Ulster (/; Irish: Ulaidh pronounced [ˈul̪ˠəi] or Cúige Uladh pronounced [ˈkuːɟə ˈul̪ˠə], Ulster Scots: Ulstèr or Ulster) is a province in the north of the island of Ireland. It is made up of nine counties: six of these constitute Northern Ireland (a part of the United Kingdom); the remaining three are in the Republic of Ireland. It is the second largest (after Munster) and second most populous (after Leinster) of Ireland's four provinces, with Belfast being its biggest city. Unlike the other provinces, Ulster has a high percentage of Protestants, making up almost half of its population. English is the main language and Ulster English the main dialect. A minority also speak Irish, and there are Gaeltacht (Irish-speaking regions) in southern Londonderry, the Gaeltacht Quarter of Belfast and in Donegal, where 25% of the total Gaeltacht population of Ireland is located. Lough Neagh, in the east, is the largest lake in the British Isles, while Lough Erne in the west is one of its largest lake networks. The main mountain ranges are the Mournes, Sperrins, Croaghgorms and Derryveagh Mountains.
Historically, Ulster lay at the heart of the Gaelic world made up of Gaelic Ireland, Scotland and the Isle of Man. According to tradition, in ancient Ireland it was one of the fifths (Irish: cúige) ruled by a rí ruirech, or "king of over-kings". It is named after the overkingdom of Ulaid, in the east of the province, which was in turn named after the Ulaid folk. The other overkingdoms in Ulster were Airgíalla and Ailech. After the Norman invasion of Ireland in the 12th century, eastern Ulster was conquered by the Anglo-Normans and became the Earldom of Ulster. By the late 14th century the Earldom had collapsed and the O'Neill dynasty had come to dominate most of Ulster, claiming the title King of Ulster. Ulster became the most thoroughly Gaelic and independent of Ireland's provinces. Its rulers resisted English encroachment but were defeated in the Nine Years' War (1594–1603). King James I then colonized Ulster with English-speaking Protestant settlers from Great Britain, in the Plantation of Ulster. This led to the founding of many of Ulster's towns. The inflow of Protestant settlers and migrants also led to bouts of sectarian violence with Catholics, notably during the 1641 rebellion and the Armagh disturbances. Along with the rest of Ireland, Ulster became part of the United Kingdom in 1801. In the early 20th century, moves towards Irish self-rule were opposed by many Ulster Protestants, sparking the Home Rule Crisis. This, and the subsequent Irish War of Independence, led to the partition of Ireland. Six Ulster counties became Northern Ireland, a self-governing territory within the United Kingdom, while the rest of Ireland became the Irish Free State, now the Republic of Ireland.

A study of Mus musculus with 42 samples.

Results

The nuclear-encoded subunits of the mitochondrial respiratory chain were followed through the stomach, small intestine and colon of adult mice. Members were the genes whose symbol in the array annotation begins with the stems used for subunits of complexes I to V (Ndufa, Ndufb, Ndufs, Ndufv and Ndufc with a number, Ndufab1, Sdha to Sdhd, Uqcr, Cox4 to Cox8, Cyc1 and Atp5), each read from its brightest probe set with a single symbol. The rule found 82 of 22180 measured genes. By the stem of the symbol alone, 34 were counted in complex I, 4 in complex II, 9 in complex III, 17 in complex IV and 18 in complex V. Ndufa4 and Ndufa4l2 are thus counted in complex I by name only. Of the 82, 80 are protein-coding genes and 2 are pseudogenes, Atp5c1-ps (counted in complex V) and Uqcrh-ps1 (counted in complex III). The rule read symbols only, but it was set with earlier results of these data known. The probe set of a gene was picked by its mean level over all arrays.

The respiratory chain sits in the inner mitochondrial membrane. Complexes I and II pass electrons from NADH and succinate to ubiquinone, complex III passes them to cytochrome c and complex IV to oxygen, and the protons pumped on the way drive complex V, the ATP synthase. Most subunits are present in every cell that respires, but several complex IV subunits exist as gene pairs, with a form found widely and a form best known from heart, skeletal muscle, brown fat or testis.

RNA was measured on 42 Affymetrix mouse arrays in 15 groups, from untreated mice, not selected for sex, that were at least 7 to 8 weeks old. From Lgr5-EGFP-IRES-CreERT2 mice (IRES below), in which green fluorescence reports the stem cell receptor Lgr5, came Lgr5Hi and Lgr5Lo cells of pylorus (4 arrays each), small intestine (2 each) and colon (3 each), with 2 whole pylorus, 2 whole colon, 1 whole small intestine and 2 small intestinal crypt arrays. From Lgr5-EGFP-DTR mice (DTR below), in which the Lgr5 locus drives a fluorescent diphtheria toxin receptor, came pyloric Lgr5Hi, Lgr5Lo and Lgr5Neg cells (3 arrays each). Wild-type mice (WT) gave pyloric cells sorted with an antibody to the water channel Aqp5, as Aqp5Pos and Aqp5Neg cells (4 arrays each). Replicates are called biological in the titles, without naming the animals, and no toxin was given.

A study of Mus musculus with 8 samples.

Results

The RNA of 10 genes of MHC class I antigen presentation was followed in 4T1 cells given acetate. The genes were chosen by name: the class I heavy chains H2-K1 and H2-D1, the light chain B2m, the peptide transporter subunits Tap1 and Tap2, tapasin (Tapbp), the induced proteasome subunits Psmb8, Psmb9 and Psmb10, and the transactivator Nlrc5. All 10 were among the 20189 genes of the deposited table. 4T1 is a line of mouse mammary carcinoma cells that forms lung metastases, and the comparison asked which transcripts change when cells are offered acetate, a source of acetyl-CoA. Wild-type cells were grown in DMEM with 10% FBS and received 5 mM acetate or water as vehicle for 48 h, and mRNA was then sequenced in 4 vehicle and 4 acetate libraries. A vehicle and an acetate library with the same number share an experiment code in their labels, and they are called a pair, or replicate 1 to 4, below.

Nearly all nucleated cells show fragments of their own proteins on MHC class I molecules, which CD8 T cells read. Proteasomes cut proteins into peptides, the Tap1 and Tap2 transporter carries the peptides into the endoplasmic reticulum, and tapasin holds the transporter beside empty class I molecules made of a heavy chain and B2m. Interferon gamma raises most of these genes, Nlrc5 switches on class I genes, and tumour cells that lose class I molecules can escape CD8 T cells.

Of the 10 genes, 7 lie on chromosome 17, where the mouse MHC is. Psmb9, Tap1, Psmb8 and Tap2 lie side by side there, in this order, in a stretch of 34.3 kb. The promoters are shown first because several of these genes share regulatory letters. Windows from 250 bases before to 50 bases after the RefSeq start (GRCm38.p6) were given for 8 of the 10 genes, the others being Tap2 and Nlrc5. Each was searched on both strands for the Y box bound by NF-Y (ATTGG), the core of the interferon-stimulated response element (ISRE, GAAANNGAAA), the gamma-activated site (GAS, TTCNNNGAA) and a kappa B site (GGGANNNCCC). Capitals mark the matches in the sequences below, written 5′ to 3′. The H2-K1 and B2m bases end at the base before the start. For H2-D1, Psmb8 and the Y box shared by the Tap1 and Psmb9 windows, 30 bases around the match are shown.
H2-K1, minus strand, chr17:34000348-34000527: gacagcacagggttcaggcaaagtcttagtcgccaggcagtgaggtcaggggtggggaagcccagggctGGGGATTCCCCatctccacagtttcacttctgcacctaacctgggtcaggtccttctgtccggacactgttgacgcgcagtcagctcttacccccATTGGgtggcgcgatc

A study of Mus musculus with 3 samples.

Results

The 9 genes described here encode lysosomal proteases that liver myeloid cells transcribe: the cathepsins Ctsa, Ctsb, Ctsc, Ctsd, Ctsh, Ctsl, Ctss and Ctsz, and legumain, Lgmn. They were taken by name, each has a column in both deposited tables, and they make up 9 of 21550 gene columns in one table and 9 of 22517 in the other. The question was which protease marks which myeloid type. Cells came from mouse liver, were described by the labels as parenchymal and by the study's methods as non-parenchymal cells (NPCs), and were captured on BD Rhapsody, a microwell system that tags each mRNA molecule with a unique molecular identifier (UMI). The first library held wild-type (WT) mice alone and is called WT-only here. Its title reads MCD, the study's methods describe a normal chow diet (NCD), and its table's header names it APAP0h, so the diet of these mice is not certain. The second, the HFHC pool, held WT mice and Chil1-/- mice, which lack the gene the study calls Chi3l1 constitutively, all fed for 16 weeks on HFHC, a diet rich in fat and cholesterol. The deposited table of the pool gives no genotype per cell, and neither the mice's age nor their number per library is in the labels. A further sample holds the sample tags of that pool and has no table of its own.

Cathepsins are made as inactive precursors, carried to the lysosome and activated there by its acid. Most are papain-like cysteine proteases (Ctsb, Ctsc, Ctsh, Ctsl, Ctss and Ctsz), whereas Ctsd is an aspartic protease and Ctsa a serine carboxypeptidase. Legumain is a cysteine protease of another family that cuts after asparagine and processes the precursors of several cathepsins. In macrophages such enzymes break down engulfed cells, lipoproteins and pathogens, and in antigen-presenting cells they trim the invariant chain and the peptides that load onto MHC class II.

Ulster has no official function for local government purposes in either country. However, for the purposes of ISO 3166-2, Ulster is used to refer to the three counties of Cavan, Donegal and Monaghan only, which are given country sub-division code "IE-U". The name is also used by various organisations such as cultural and sporting bodies.
The name Ulster has several possible derivations: from the Norse name ‘Uladztir’, which is an adaptation of Ulaidh and tir, the Irish for ’land’; or similarly it may be derived from Ulaidh plus the Norse genitive s followed by the Irish tir. It has also been suggested to have derived from Uladh plus the Norse suffix ster (meaning place), which was common in the Shetland Islands and Norway.
The Irish name, Cúige Uladh, means the ’province of the Ulaid’ (Ulaidh in modern Irish), with the term cúige formerly referring to a fifth. The Ulaidh were a group of tribes who dwelt in the region.
Ulaidh has historically been anglicised as Ulagh or Ullagh and Latinised as Ulidia or Ultonia. The latter two have yielded the terms Ulidian and Ultonian. The Irish word for someone or something from Ulster is Ultach, and this can be found in the surnames MacNulty, MacAnulty, and Nulty, which all derive from Mac an Ultaigh, meaning ’son of the Ulsterman’. Words that have been used in English are Ullish and Ulsterman/Ulsterwoman.
Northern Ireland is often referred to as Ulster, despite including only six of Ulster's nine counties. This usage is most common amongst people in Northern Ireland who are unionist, although it is also used by the media throughout the United Kingdom. Most Irish nationalists object to the use of Ulster in this context.